In the spring of 1997, several residents of Phoenix, Arizona claimed to witness mysterious lights in the sky. This phenomenon, which became known as "The Phoenix Lights," remains the most famous UFO sighting in American history. On July 23, 1997, three high school student filmmakers went missing while camping in the desert outside Phoenix. The purpose of their trip was to document their investigation into the Phoenix Lights. They were never seen again. Twenty years later, Sarah Bishop, a documentary filmmaker and younger sibling of one of the missing, returns to Phoenix to delve into the their disappearances and the emotional trauma left on those that knew them. Nothing can prepare her for the shocking discovery of a tape from the night her brother and his friends disappeared.
Directed by: Justin Barber
. Starring: Florence Hartigan
, Luke Spencer Roberts
, Chelsea Lopez
, Justin Matthews
, Clint Jordan
, Cyd Strittmatter
, Jeanine Jackson
, Matt Biedel
, Ana Dela Cruz
, Mackenzie Firgens
, Jay Pirouznia
, Marc Marron
, Don Boyd
. Music by: Mondo Boys
So, just got out of Phoenix Forgotten and I want to put my head in boiling water. Maybe that's not the most compelling way to start off my review, but what can I say? Phoenix Forgotten isn't the most compelling movie. In fact, it's so uncompelling, I fell asleep TWICE watching it. I've never even fallen asleep once watching a film before in my life, and I've watched some pretty awful movies.
In all seriousness though, this is one of the worst movies I've ever seen. The structure is completely broken and incoherent; it starts off as half documentary and half found footage focusing on two characters for 30 minutes; Josh, who is filming a school project on recent UFO sightings in Phoenix in what will eventually become the found footage element of the film, and his sister Sophie, making a documentary about her brother's disappearance 20 years ago. The film will switch off between these 2 characters back and forth for the first act, until it goes into straight documentary for 20 minutes focusing on Sophie. Then the film abandons Sophie completely for the last 30 minutes to focus on Josh's found footage. This would have been tolerable (If irritating) if any one of these segments was engaging, compelling or scary, but none of them are.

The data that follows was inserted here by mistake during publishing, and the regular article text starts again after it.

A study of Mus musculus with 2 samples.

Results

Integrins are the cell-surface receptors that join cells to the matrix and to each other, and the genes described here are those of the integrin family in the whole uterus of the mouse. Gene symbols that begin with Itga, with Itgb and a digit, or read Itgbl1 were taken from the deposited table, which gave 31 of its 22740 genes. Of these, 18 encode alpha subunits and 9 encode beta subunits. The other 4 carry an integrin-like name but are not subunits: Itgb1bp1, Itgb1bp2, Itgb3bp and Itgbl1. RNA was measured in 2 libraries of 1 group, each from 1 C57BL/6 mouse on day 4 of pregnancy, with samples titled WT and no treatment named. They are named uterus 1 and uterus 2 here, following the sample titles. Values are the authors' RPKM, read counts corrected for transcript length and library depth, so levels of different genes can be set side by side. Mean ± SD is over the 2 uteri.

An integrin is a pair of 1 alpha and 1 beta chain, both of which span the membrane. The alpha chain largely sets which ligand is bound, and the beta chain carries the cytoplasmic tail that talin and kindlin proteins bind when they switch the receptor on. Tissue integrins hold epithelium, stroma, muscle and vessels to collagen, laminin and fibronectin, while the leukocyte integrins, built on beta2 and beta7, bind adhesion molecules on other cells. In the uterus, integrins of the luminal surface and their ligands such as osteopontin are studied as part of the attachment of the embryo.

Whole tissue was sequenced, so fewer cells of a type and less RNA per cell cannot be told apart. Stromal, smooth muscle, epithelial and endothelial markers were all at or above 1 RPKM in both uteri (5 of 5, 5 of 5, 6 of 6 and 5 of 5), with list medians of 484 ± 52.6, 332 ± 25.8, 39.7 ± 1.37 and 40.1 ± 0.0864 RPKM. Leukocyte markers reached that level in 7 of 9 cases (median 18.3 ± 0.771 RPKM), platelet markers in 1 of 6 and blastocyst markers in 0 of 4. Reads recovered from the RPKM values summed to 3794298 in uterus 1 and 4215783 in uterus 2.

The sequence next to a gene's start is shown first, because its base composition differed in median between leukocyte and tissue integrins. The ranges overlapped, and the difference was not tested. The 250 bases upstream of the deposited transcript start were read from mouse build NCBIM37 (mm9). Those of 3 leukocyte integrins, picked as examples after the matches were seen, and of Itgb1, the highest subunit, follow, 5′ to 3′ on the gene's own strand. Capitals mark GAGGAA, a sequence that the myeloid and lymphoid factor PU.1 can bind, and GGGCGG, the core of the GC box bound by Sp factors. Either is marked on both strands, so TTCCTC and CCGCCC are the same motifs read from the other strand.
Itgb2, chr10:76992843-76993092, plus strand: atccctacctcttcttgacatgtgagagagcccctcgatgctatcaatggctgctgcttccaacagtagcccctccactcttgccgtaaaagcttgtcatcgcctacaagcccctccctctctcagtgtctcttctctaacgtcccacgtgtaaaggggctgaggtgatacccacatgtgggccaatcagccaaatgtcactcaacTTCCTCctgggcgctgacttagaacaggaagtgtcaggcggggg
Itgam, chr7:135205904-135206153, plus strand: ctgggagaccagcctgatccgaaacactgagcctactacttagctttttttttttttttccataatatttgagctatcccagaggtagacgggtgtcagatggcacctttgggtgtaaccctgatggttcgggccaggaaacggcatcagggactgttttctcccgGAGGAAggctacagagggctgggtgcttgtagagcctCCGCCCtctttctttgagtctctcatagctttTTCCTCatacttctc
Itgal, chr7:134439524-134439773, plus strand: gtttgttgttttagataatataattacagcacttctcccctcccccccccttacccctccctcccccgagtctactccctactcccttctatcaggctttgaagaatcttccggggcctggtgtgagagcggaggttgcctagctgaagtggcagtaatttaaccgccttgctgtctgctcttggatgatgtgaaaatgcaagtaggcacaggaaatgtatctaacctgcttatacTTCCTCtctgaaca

The acting is Halloween: Resurrection levels of bad from everyone on the cast. There's SO much fake crying from the teens in "spooky" situations; where the actors and actress will scrunch up and water their eyes because they can't cry on cue, and then make their voice hysterical to get out as much fake emotion as possible. The worst offender is Chelsea Lopez as Ashley, Josh's crush. She whimpers and half-heartedly yells (NOT screams, YELLS) in desperate attempt to convince the audience they're watching "real footage", but not once did I ever feel this was a real character in real danger The adults aren't much better, I'm probably only being nicer to them cause we don't see them as much.
As for the scares? Well, if you're morbidly terrified at the thought of bright lights, nosebleeds, raining pebbles and LOUD NOISES (These noises and explosions that rock the films ending like a hurricane presumably make up most of the film's $2 million budget...I can't see it going to anything else like, I don't know, making a solid horror movie), I'm sure you'll need to sleep with the lights on. For me and everyone else at my screening though, they were just obnoxious and repetitive. They seriously shoulda just called the movie "The Spooky Lights."
This film's so bad that I couldn't help myself from loudly making fun of the movie at the film's climax, and rather than get annoyed, the rest of my screening actually laughed and cheered at me mocking it. Nobody raised their hand and said "Well, I thought it was good" or even "It wasn't that bad." Everyone was making fun of it coming out of the film and insulting its ineptitude right along with me.
It's so bad, I'm genuinely concerned it could very well be the death of found footage horror. Which really scares me (Ironic, I know) since I only SAW the film since we get so few theatrically released found footage horror films these days and I try to catch every one I can in theaters so I don't miss out. "The Blair Witch Project" this is not. "Blair Witch" this is not. And I feel sick to my stomach seeing this poorly acted, poorly structured, unscary monstrosity being so frequently compared to either.
Review by TheMovieDoctorful from the Internet Movie Database.